Wisdom of Mind


Last week in Light on Life we turned the corner of understanding yoga practice from the external practice to the internal quest … from the physical to the mental layers. And in Chapter 5, BKS Iyengar now furthers this discussion of our journey toward “wisdom”.

“Wisdom” occurs when we complete our understanding of the citta (consciousness) and how it works, including each of its parts, the manas (mind), ahamkara (ego), and buddhi (intelligence). The buddhi is our individual intelligence that lies closest to our experience of the cosmic intelligence (mahat), but we at some point even have to let go of that barrier to experience yoga, or union with our true nature.

“This (cosmic) intelligence is everywhere, and, like air, we constantly bathe in it and imbibe it. Of course we put barriers up against it, because we are proud of our own individual and necessary intelligence. Thus we deprive ourselves of the full benefit of this infinite, universal, nourishing resource, just as we deprive ourselves of pranic energy from poor breathing.”

So, how do we peel this final layer and barrier away? By study and practice of course! Discovering what our mind does to us in life is very possibly the most important understanding within our practice of yoga. From moral precepts, to physical postures, to full on meditation, we are constantly dealing with the mind, so how do we transform it?

“If you want to get the best out of a fiery horse, you have to understand, tame, and control it. The same is true for the fiery mind, or it will run away with you.”

The definition of yoga is to “still the fluctuations of consciousness” and if we achieve that we will “dwell in our own true nature”. Knowing what the fluctuations are that disturb the consciousness is important for this practice. There are 5 Citta Vrttis : Fluctuations of Consciousness. Each of these can be looked at as helpful or harmful to our journey toward wisdom and our goal is to lead ourselves toward correct knowledge in the present moment.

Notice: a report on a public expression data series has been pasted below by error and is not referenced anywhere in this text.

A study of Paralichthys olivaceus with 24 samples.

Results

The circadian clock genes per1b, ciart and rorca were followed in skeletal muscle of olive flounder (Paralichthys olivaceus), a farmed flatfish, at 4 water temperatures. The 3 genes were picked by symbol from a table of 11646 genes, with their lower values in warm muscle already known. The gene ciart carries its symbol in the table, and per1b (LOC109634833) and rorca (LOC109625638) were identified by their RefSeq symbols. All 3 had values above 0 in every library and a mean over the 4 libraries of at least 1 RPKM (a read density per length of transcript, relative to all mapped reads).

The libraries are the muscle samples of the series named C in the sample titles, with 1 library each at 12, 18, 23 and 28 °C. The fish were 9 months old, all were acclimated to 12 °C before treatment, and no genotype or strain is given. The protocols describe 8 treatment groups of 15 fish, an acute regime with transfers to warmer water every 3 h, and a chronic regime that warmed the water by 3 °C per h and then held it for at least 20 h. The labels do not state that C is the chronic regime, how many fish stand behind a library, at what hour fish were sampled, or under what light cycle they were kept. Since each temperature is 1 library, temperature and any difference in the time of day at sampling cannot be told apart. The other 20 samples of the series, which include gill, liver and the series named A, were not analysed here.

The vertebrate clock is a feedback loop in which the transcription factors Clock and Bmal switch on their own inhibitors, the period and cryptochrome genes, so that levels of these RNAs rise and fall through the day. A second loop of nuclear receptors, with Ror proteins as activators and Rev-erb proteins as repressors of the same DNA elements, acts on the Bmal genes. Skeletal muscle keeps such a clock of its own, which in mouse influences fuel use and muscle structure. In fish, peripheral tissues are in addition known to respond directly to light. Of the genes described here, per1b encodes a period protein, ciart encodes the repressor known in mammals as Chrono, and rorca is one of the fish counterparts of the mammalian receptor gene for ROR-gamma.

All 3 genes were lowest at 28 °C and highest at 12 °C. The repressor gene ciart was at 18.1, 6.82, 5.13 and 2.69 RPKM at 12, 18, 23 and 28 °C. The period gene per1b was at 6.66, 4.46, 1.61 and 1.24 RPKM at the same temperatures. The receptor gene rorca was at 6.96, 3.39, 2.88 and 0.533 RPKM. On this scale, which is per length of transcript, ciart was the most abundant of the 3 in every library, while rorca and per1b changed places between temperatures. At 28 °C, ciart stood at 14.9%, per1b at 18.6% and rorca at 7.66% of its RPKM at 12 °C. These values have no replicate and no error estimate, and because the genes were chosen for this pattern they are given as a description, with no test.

1. Pramana – Correct knowledge – what we strive for in the study of all the other vrttis
  2. Viparyaya – Wrong knowledge – Misperception can lead to totally delusion and incorrect action. To mistake a rope for a snake in the road we might take a long way around, get lost, or lose direction. Look closer and you will identify the truth before going off course. This only requires a bit of time and energy, reflecting for a moment on any action or reaction.
  3. Vikalpa – Imagination or Fantasy – literally making things up and believing in them without cause. We do this a lot without any foundation, for example, within the simple phrase “I can’t”. By saying that, you never will, only because of the story you have told yourself. Turn that around and say “I can”, and you will always find a way.
  4. Nidra – Sleep – The experience of dreamless sleep and that moment we experience right before the mind activates itself from sleep is a helpful reminder that still fluctuations can be experienced. However, most of us get confused or delighted by the dull pleasure of languid sleep and rest, keeping us from pure alert awareness.
  5. Smrti – Memory – Chapter 4 covered a lot of how we deal with memory. We can use it to stay rooted in the past and never transform, or we can use it to make changes for the better.

To keep turning back toward pramana, or correct knowledge, we must stay alert and put in effort (tapas) to continue toward wisdom.

“Correct knowledge is based on three kinds of proof: direct perception, correct deduction, and testimony from authoritative sacred scriptures or wise experienced people.”

Iyengar gives us some very practical examples of the process of correct knowledge in the book, so I won’t reiterate them here. When this correct knowledge becomes intuitive and automatic, when the discriminative faculty of even individual intelligence has been perfected, true wisdom dawns. This experience happens without duality of black/white, hot/cold, good/bad. It is fully within the present, and is experience of fully integrated being.

“We turn the source of knowing from our brains to our hearts and from our minds to our souls.”

Jennie Williford CIYT

Jennie Williford (CIYT Level 3) is a transplant to LaCrosse via Montana, Illinois, and originally Texas. Throughout her life moves and 5 trips to India, Jennie has acquired a well-rounded and multi-faceted approach to Iyengar Yoga since her start in 1998. Jennie loves the experimental and explorative nature of yoga in accessing deeper knowledge of the Self on every level. The practice of yoga can be intense and introspective, however as practitioners we can be light-hearted and open-minded in our discipline. Jennie is intrigued by the philosophy of yoga and hopes to share this depth of subject while teaching the physical and mental benefits that come from the practice of posture.